Aging presents challenges. Most people have not considered the possibilities until challenges are upon them. When an older adult is in need of a hospital stay for a chronic condition, those concerns can quickly become more pressing and complicated.
Transitioning After a Hospital Stay
The transition from hospital to home is an especially risky time. A Perfect Homecoming (PH), a program between SRC and Lutheran Medical Center, was created to address this. PH provides care management, transportation, in home care, grab bar installation (or other minor home repairs), and meals to newly discharged seniors. The program offers comfort, practical solutions and individualized care. It can make the difference between feeling better and feeling fearful, delivering support for healing at home, while reducing hospital readmissions.
Recently, Lutheran identified a candidate for PH and contacted SRC. This man had no support at home and his situation was complicated. He had developmental disabilities and had been managing with some support, but his cognitive abilities had seriously declined. He’d come to the hospital this most recent time after the police found him alone at home after a fall. Care Managers at Lutheran and SRC were concerned that he wouldn’t be able to manage at home, but he was insistent that he wanted to go home. He wasn’t even sure where his key was.
It Takes an Experienced and Caring Team
The first step was to arrange transportation. PH clients appear on short notice, but SRC Transportation provided him with a ride. After being transported home, SRC Care Managers and police assisted him with getting into his locked home. The next step was to assess his situation. It did not take long to figure out that he could not safely continue to live there before some things were addressed. The man was unable to manage his own toileting and cleaning.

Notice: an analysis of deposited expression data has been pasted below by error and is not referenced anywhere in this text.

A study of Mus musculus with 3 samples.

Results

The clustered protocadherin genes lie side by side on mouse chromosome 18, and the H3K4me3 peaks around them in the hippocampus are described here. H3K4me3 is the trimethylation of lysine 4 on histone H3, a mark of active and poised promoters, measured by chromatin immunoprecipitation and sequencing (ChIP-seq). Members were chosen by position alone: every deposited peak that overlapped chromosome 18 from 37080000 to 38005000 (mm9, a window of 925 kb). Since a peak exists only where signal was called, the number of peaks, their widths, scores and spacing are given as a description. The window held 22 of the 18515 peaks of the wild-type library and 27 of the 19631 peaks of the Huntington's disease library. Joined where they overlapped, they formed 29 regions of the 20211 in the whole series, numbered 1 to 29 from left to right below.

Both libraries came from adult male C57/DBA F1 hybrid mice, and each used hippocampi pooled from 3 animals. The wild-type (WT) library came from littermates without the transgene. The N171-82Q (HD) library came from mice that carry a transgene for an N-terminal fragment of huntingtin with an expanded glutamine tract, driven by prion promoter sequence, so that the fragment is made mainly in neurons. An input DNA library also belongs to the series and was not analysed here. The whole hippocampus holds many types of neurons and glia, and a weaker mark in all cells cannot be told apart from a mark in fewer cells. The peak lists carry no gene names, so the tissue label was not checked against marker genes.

The house was cluttered and very unclean. There was structural damage and water leaking. Back at SRC, off-duty SRC drivers overheard care managers discussing next steps. The drivers immediately offered to help on their own time. They managed to get his phone working and heated up a meal, while a Care Manager went to get a new phone cord. With much graciousness and respect, the drivers stepped in and helped make sure the man would be safe.
Care Managers went into creative overdrive to find solutions. Outside of SRC, they were working with Adult Protective Services, police, and the man’s conservator. It also took help from staff and volunteers at SRC. Care Managers coordinated with SRC’s Adult Day Center and In-Home Care Services, so that a Personal Care Provider could meet the man at the center and help him bathe. The man also was scheduled for a home medical visit, but there was the condition of the house to consider. The SRC care manager met the medical provider at the house to make sure it happened. SRC’s Chores department initiated biohazard disposal. Adult Protective Services, insurance and the conservator started working to get structural issues fixed.
After having a full understanding of the client’s circumstances and living condition, it became clear that the client would be unable to remain in his home safely and get
all of his needs met. The SRC Care Manager acted as an advocate for the appropriate level of care, which meant a transition into a skilled nursing facility. He is still being visited by SRC Care Managers as a more permanent solution is being arranged. SRC will continue to support with biohazard clean-up and on-going friendly visitors through volunteer services.
Each Situation is Different
The PH program is so powerful and unique because it is individualized and comprehensive. Care Managers connect the disparate services and resources. They look at the whole picture – medical, social, physical. They build trust and offer respect. This is what really sets the program – and all of SRC’s services – apart. When help was needed, so many staff gave from their hearts and lived up to the true spirit of our mission. In the end, a senior in our community knew that he had help and, even more, that people truly cared.